Estimated reading time: 3 minutes, 17 seconds

Excessive employee turnover is costly, and retaining top talent has increasingly become a challenge in a harsh and competitive labor market.

Human Resource departments and company executives have turned to improved benefits packages and a desirable workplace culture to lure and retain employees and stay atop the competition. However, while many C-Suite executives have accepted that finding and keeping the best of the best requires a complex and concerted effort, the path to the perfect workplace, for some, has yet to come into full focus.

Differences about how to create an effective workplace has opened up a robust dialogue and has caused a great deal of spilled ink. By parsing the nuances of that dialogue, employers and HR managers can begin to explore what will fit at their company, and what will not work.

Identifying 'Culture’ is the First Step to Creating One That Works

An organization's culture is created by the things employees and leadership value. The success of that culture is dependent on a good balance of personalities, according to an article in Chicago Tribune.

Clearly identifying and communicating leadership’s values are an important component of creating a desirable workplace capable of attracting and retaining a strong workforce. “Contrary to popular belief, culture is not ruled by the ‘cool’ perks, the loftlike open office space and happy hours with unlimited booze," the article reads. "These things are great and can be reflective of your culture but I can assure you, a loftlike open office space will feel like a prison if your employees value flexible work hours or the privacy of a home office, instead of being held captive from 9 to 5.” 

A healthy combination of competitive employees with personable and fun workers helps to bring Zen to the office and will create a diverse and balanced team, according to the Tribune. Also, it is important to continually evaluate employee values as they may change with personal priorities outside the office.

The article advocates creating a unique culture that may be modeled after other companies, but should not be a literal replica.

Loyalty is a Two-way Street

IT channel companies are struggling to find and keep millennials, despite their ability to use technology, according to an article from Channelnomics.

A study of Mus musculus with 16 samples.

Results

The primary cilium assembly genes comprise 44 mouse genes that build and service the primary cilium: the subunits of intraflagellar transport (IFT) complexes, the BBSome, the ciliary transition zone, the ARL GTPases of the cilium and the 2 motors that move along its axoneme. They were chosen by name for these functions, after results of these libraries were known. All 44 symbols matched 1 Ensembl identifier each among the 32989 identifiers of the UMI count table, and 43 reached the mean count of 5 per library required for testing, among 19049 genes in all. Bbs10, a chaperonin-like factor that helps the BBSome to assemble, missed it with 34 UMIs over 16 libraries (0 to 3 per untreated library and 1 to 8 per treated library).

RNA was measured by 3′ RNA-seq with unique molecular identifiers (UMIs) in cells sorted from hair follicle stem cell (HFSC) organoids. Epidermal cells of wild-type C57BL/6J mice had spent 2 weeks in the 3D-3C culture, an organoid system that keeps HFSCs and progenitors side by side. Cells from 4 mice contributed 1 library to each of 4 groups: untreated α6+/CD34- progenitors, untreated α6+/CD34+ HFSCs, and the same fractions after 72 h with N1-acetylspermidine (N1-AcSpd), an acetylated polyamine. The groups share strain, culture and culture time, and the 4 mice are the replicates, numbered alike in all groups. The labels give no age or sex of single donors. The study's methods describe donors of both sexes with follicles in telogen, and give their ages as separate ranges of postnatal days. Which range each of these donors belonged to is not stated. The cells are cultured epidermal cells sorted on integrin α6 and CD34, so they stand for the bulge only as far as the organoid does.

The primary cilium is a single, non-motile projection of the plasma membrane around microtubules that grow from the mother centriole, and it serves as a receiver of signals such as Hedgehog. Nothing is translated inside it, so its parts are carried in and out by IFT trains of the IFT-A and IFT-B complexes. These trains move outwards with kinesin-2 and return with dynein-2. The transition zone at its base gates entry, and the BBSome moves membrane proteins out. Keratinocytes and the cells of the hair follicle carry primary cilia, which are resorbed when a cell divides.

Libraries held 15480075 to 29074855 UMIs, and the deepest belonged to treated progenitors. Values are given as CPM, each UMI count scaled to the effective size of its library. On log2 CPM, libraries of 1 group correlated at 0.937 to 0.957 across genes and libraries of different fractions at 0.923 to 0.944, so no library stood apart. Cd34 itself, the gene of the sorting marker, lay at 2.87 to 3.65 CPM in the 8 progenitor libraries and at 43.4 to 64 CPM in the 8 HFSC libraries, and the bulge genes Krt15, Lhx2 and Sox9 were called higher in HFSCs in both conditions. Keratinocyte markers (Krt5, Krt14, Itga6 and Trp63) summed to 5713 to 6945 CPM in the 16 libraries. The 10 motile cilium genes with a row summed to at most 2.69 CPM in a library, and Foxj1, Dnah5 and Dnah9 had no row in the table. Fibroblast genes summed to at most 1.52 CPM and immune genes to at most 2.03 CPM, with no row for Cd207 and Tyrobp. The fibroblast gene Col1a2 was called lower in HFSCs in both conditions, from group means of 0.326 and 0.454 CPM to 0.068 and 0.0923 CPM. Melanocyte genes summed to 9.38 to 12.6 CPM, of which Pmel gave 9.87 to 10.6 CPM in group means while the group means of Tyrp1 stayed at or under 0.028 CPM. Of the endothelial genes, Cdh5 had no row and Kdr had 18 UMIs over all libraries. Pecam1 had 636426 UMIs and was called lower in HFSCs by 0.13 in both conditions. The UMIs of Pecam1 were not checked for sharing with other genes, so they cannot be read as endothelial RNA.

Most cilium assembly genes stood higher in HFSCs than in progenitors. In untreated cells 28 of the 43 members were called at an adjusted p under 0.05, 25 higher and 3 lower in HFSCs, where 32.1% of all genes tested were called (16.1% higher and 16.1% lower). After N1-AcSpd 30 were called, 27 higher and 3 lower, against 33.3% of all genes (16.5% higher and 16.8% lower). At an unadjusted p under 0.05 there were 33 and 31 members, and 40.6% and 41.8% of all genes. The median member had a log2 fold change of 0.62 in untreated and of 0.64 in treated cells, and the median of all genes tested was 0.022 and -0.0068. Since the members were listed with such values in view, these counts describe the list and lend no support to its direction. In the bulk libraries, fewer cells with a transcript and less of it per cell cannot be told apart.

Some suggestions for keeping millennials interested range from avoiding monotonous workdays to offering clear paths to growth and professional development. “Millennials are known for job hopping, staying with a company for less than three years on average, but you can't just explain that away as an absence of loyalty," according to the article. "After all, loyalty is a two-way street. Employers need to be serious about committing to the people they hire, just as they expect employees to be loyal.” 

Channelnomics contributor Rory Jackson of Business Continuity Technologies advocates scheduling face-to-face inter-office socialization. That's because younger employees, who prefer email and text, where context and tone can sometimes be lost, may benefit from in-person interactions.

Don’t Forget to Keep Human Nature in Check

Most all employees, and people, have unconscious bias that can negatively impact diversity in the recruitment process. A Q&A in Triple Pundit with Elena Richards, talent management lead in the office of diversity at PwC, highlights some ways to combat implicit bias.

“We are working with leading specialists in the field of unconscious bias to raise awareness about possible blind spots and teaching the ways we can help reduce any potential impact they may have on decision-making processes,” she says. “We started offering ‘blind spots training’ to targeted groups throughout the firm and expanded to include our human capital professionals because of the important role they play in creating an inclusive environment."

She also said unconscious bias awareness is built into recruitment training and mandatory for interviewers. And, partners are responsible for developing “diverse individuals” as well as demonstrating their commitment to diversity and inclusion when being considered for a role on the company’s U.S. Leadership team, the article reads.